Musical Performance, Documentary on JA Incarceration at Beyond Baroque


By PHYLLIS HAYASHIBARA

Beyond Baroque, in coordination with the Venice Japanese American Memorial Monument Committee, will present on Saturday, May 26, from 2 to 4 p.m. an afternoon of music and poetry, a documentary film, and a panel discussion on the forced removal and incarceration of persons of Japanese ancestry during World War II.

The program will begin with a 15-minute performance of Deon Nielson Price’s composition for mixed media, “Behind Barbed Wire.” Pianist Mary Au and saxophonist Chika Inouye will perform as well as read haiku in English translation, written by incarcerees of assembly centers and the American concentration camps.

Behind the musicians will be silent video images of life for Japanese Americans imprisoned behind barbed wire, bookended by footage of Imperial Japan’s attack on Pearl Harbor on Dec. 7, 1941 and of the U.S. atomic bombing of Hiroshima on Aug. 6, 1945, symbols of the beginning and the end of World War II for the U.S.

Next, a new film, “And Then They Came For Us,” will be screened. Award-winning filmmaker Abby Ginzburg and her co-director and editor Ken Schneider produced this 50-minute documentary, which features interviews with former internees, including actor and activist George Takei.

Takei and his family first faced imprisonment at the War Relocation Authority camp in Rohwer, Ark. After his parents declined to answer Questions 27 and 28 on the “loyalty questionnaire” in the affirmative, however, the Takeis were sent to what became the Tule Lake Segregation Center for potentially dangerously disloyal persons of Japanese ancestry. Takei was seven years old at the time.

In his op-ed piece published in The New York Times on April 28, 2017, Takei wrote, “If this seems a practice only of years long past, consider that today we need merely replace ‘Japanese Americans’ with ‘Muslims’ for the parallels to emerge. Once again, we are told by our government that a blanket ban is needed. So brazen is this same troubling logic that a Trump surrogate even cited Japanese American internment as a precedent for the Muslim ban. Both rely upon the presupposition of guilt, one by race, the other by religion. Most chilling of all, both arise out of government policy and action.”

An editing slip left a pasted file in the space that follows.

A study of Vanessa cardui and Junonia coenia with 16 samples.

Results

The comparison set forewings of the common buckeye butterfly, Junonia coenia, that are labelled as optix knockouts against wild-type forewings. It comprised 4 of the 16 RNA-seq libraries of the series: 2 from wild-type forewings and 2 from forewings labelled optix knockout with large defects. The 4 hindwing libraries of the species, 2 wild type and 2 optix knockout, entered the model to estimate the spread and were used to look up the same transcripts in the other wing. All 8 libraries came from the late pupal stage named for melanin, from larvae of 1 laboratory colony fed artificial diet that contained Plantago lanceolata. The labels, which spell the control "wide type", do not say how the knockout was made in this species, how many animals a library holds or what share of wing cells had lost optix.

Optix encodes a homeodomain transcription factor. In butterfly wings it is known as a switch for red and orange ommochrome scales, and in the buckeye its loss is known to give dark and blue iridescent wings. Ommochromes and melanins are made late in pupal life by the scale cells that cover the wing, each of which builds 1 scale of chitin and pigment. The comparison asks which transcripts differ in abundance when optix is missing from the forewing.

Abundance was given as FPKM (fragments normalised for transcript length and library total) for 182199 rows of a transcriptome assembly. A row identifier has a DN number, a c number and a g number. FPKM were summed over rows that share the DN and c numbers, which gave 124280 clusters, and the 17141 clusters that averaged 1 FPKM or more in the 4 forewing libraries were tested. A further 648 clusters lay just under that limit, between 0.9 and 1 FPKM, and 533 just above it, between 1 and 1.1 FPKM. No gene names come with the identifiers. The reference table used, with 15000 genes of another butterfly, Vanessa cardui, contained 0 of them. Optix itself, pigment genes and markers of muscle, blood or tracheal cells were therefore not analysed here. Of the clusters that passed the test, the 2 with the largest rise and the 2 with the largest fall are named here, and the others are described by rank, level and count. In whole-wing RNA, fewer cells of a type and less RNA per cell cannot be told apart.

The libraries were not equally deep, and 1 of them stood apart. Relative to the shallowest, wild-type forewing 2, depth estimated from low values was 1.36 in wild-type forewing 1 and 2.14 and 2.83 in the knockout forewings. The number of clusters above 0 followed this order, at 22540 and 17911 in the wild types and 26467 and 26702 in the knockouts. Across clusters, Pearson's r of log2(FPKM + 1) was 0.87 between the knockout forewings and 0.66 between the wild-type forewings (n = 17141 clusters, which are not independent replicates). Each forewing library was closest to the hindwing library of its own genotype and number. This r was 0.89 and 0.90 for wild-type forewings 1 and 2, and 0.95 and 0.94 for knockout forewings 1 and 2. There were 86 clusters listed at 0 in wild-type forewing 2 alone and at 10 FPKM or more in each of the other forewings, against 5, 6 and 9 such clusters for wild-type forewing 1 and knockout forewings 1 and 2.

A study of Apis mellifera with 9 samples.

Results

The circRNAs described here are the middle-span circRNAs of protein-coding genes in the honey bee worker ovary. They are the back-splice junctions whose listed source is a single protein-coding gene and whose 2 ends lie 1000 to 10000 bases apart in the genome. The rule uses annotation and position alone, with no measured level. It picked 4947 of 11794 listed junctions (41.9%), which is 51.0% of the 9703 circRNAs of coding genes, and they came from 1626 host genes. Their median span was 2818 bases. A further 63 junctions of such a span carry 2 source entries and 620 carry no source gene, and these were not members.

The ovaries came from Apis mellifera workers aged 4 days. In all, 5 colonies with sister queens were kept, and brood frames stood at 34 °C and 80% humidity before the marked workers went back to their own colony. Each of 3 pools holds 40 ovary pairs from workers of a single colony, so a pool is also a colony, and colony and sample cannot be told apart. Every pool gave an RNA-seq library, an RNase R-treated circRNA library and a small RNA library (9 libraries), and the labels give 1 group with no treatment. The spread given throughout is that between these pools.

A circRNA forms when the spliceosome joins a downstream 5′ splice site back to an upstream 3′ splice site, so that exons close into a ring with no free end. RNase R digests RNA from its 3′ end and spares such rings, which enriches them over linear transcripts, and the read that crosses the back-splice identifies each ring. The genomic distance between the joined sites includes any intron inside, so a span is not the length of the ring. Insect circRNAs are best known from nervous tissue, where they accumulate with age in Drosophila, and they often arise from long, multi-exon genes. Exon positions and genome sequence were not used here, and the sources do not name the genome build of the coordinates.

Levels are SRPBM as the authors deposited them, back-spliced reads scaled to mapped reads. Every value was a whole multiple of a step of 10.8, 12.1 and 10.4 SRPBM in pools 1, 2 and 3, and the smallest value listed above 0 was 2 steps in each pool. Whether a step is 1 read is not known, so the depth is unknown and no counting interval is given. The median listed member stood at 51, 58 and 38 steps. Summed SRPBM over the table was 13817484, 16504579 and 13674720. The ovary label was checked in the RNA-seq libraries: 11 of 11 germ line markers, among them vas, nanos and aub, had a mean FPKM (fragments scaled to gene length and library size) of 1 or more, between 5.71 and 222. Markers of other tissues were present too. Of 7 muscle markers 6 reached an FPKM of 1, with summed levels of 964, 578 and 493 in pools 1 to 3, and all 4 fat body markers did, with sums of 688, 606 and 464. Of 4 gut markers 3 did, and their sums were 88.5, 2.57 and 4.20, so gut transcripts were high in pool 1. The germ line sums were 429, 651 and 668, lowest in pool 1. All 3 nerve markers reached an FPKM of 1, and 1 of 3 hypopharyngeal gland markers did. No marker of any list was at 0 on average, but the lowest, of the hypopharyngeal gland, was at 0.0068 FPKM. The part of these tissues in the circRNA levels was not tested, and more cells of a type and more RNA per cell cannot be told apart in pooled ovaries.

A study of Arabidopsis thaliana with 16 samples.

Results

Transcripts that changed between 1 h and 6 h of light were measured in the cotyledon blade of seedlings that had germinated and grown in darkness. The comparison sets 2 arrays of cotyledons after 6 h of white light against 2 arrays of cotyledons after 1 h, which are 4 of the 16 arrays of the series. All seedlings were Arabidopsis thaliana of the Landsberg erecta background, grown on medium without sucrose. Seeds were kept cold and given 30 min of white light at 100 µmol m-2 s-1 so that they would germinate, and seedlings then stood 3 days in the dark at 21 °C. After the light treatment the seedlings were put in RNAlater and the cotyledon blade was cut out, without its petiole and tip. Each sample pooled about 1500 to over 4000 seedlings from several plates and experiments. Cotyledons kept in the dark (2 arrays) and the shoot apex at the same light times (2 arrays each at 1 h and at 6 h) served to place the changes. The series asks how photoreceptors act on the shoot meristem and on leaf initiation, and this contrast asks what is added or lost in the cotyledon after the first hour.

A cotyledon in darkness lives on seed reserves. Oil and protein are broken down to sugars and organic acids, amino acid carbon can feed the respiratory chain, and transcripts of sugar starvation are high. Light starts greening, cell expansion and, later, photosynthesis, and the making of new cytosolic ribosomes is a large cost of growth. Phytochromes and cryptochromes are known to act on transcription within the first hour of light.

Indeed, the film posits that the current administration in Washington, D.C. could perpetrate another constitutional violation under the guise of national security, this time against Muslims. The film’s title derives from the famous anti-Nazi warning by German Lutheran pastor Martin Neimoller, based on various speeches and references he made after the beginning of the Holocaust:

First they came for the Communists, and I did not speak out

Because I was not a Communist

Then they came for the Socialists, and I did not speak out

Because I was not a Socialist

Then they came for the trade unionists, and I did not speak out

Because I was not a trade unionist

Then they came for the Jews, and I did not speak out

Because I was not a Jew

Then they came for me, and there was no one left

To speak out for me.

The Civil Liberties Act of 1988, signed 30 years ago by President Ronald Reagan, attributed the government’s actions following Executive Order 9066 to “race prejudice, war hysteria, and a failure of political leadership” as opposed to legitimate security reasons.

Finally, the afternoon will end with a panel discussion with audience participation encouraged, on the lessons of the Japanese American internment and the dangerously parallel times we live in today. The Venice Japanese American Memorial Monument explicitly states, engraved on solid granite:

“May this Venice Japanese American Memorial Monument remind us to be forever vigilant about defending our constitutional rights. The powers of government must never again perpetrate an injustice against any group based solely on ethnicity, gender, sexual orientation, race, or religion.”

For reservations, contact Phyllis Hayashibara at [email protected] or call (310) 390-1576. General admission $10 general, $6 for students, seniors, and children, free for Beyond Baroque members. Seating will be limited to 100 persons in the intimate Beyond Baroque theater.

Located at 681 Venice Blvd. in Venice, Beyond Baroque is one of the leading independent Literary Arts Centers dedicated to expanding public knowledge of poetry, literature and art. For more information, call (310) 822-3006 or visit www.beyondbaroque.org.